It’s hard to believe Westwind Prep is once again in the news cycle – and once again for the wrong reasons.
The small charter school in northwest Phoenix keeps coming back into the public consciousness, like Jason rising out of Crystal Lake in yet another installment of the horror flick franchise, Friday the 13th.
So, why do the media keep providing coverage?
Because, unfortunately, what the school is doing with its basketball program is affecting the entire high school sports landscape. And, once again, the school has rankled the high school coaching fraternity in the state, as well as continuing to be an irritant to the prep sports governing body, the Arizona Interscholastic Association (AIA).
This time, Westwind has outmaneuvered the AIA, at least temporarily, by developing a national high school basketball program that will not become a member of the association, and thereby not be required to play by their rules.
An Arizona Republic article by Richard Obert, published over the weekend, unveiled Westwind’s plan to put a team on the floor that will travel nationally, rather than play teams within the state. They’ve had a post-grad program for students who graduate high school and want to play another year to prepare for college ball, but this is different.
The additional high school team will be separate, school officials say, from a high school varsity team fielded by the school, which will be a member of the AIA.
Westwind Prep, which has an enrollment of about 300 students, has been in the eye of the storm before.
During the 2010-11 season, the school put a starting varsity team on the floor that included a player from China, two from Latvia, and two more from the streets of Detroit. They dominated the entire season, often putting more than 100 points on the board as they blew out team after team and went on to post a 30-2 record and win the 2A state championship.
The two years previous to that weren’t much different. The Warriors won 30 games in the 20o9-10 season and went 27-4 in 2008-09.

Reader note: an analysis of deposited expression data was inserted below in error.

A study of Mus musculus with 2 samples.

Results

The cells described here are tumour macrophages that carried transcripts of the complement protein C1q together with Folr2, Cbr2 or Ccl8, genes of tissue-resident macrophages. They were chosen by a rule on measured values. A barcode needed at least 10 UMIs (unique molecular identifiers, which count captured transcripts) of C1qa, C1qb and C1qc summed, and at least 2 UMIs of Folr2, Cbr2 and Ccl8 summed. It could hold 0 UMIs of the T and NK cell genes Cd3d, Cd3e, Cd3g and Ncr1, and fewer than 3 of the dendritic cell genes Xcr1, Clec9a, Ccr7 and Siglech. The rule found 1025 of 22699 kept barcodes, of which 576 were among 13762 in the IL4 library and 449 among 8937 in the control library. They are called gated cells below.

However, the 2010-11 season led to an investigation by the AIA into the eligibility of a couple of its players, and a review of its bylaws regarding boarding schools; Westwind is an accredited member of the Western Boarding Schools Association.
After the season ended, the school’s controversial head coach, Gary Trousdale, bolted for California to take over a similar program in La Jolla, appearing to take several players with him. He had led the school to back-to-back Top 10 national rankings, but left without a word to the administration. (See 6/22/11 Phxfan article)
In an attempt to level the playing field somewhat, the AIA moved Westwind up to play with the big boys last season. That slowed the Warriors down a little; they went 17-9 overall, but lost just two conference games to finish in fourth place among the 20 teams in Division I, Section III.
But the latest flap isn’t about competition, but more about the school creating a talent drain from other programs in the state. Essentially, what they’re doing by having a ‘regular’ high school varsity team and a ‘national’ team as well, can result in a subtle form of recruiting.
The other high school coaches who are lucky enough to be blessed with a really good player or two now have to worry about losing that talent to Westwind Prep. It’s tempting for any really good ball player to want to try his game against some of the best prep teams in the country, which are being put on the national team’s schedule, and get additional exposure to college recruiters.
It doesn’t take much imagination, then, to see the ‘recruiting’ benefits that would trickle down to the ‘regular’ varsity team, which will be able to load up and be back to the dominance it enjoyed when it was a 2A school.
And, according to Obert’s article, the attrition has begun. Six local players from four different high schools around the Valley have evidently decided to make the switch.
The school could have avoided the controversy and hard feelings by simply prohibiting in-state players from joining the new program. But it chose not to follow that route.
For the AIA, Westwind Prep has posed yet another challenge.
For Arizona’s high school basketball coaches, it’s another threat to the stability of their programs.
And for Westwind Prep, it’s another black eye on its image in the community.